It wasn’t easy getting Bernie Sanders to appear on The View on Wednesday morning. Technical difficulties with his live feed from Burlington, Vermont caused the show to cut him off and then try again later. By the end of the interview, he may have wished he had bailed altogether.
Once they got him back online, the hosts spent the first segment asking the senator how he would handle the coronavirus pandemic if he were president. At one point, Sunny Hostin wondered aloud if he was “using” the crisis to push his Medicare for All plan.
But things got even spicier during the second segment when Whoopi Goldberg, who has been a fairly clear Joe Biden supporter from the beginning of the 2020 primary, asked Sanders to explain why he hasn’t dropped out yet.
“I have to ask you this question now because I have been watching to see what you were going to do, and I'm told that you intend to stay in this race for president because you believe there is a path to victory,” Goldberg said. “I want to know what that path is because this feels a little bit like it did when you didn't come out when Hillary Clinton was clearly the person folks were going for.”
As he started to protest, she asked, “Can you explain why you’re still in the race and what this path is that you see?”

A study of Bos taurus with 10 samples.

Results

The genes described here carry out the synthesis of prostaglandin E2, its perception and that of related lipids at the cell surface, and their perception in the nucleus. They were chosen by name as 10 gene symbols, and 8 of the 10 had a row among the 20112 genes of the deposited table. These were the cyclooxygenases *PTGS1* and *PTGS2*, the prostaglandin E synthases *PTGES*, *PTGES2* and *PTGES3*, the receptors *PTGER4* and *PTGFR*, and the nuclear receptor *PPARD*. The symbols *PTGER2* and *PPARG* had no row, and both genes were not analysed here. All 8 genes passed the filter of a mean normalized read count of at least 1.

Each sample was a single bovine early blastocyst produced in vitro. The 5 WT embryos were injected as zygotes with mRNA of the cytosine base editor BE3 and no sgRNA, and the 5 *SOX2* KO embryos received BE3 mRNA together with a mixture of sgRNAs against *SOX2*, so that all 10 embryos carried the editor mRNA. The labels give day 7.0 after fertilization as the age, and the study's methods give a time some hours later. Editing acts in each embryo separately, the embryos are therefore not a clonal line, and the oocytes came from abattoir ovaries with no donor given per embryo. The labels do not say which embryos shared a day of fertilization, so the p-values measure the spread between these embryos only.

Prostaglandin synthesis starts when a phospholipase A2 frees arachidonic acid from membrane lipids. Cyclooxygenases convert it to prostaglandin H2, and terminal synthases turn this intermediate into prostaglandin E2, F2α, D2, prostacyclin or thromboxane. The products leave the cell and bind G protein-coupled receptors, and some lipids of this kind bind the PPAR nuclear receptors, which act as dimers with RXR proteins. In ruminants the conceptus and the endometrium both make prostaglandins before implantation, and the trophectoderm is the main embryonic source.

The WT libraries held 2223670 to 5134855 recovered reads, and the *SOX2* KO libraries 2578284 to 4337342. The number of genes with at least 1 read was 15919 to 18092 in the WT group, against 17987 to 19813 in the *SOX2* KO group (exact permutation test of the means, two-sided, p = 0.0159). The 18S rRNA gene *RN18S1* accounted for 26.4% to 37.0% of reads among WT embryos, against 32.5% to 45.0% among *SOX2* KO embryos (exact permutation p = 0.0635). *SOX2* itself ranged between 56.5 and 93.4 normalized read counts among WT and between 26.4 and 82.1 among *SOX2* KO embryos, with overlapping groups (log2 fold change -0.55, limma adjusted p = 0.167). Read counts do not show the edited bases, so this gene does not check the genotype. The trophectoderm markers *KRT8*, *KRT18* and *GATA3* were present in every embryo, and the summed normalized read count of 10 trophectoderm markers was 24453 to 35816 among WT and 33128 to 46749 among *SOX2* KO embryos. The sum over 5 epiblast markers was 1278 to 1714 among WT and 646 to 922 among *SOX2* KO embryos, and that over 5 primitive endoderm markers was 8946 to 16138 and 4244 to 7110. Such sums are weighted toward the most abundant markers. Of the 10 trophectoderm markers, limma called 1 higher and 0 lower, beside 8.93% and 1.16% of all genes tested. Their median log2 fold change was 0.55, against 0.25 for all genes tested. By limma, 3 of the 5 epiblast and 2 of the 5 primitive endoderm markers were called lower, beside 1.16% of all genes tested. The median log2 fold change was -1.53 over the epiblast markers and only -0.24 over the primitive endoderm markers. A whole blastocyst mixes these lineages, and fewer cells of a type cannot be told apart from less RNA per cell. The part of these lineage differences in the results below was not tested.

“That's not quite accurate,” Sanders replied. “I worked as hard as I could for Hillary Clinton.”
When he started to lay out what he sees as his path to the nomination, Goldberg interrupted him. “Just so we're clear, you worked for Hillary,” she said, “but it took you a very, very long time to hop in, and your people also, it took a very long time for them to hop in.” In turn, Sanders said he doesn’t “accept that characterization,” leading the moderator to repeat her original question more bluntly: “Why are you still in the race?”
“Last I heard, people in a democracy have a right to vote, and they have a right to vote for the agenda that they think can work for America, especially in this very, very difficult moment,” Sanders said. “We are assessing our campaign, as a matter of fact, where we want to go forward, but people in a democracy do have a right to vote. And right now in this unprecedented moment in American history, I think we need to have a very serious look at how we need to go forward.”
As the senator began to explain the stimulus package that he’s currently crafting to help working Americans, Goldberg asked him if it wouldn’t be “smarter” for him to focus on that instead of splitting his time with a presidential campaign.
“Well, we are doing it, believe me,” Sanders said. “I'm sitting in my house right now. I'm not holding a rally in Wisconsin because of the nature of campaigns.”
Goldberg interrupted him once more a few seconds later to ask, “So your plan is to stay in, yes?”
“Well, for the fourth time,” the exasperated senator replied, “we are assessing the campaign.”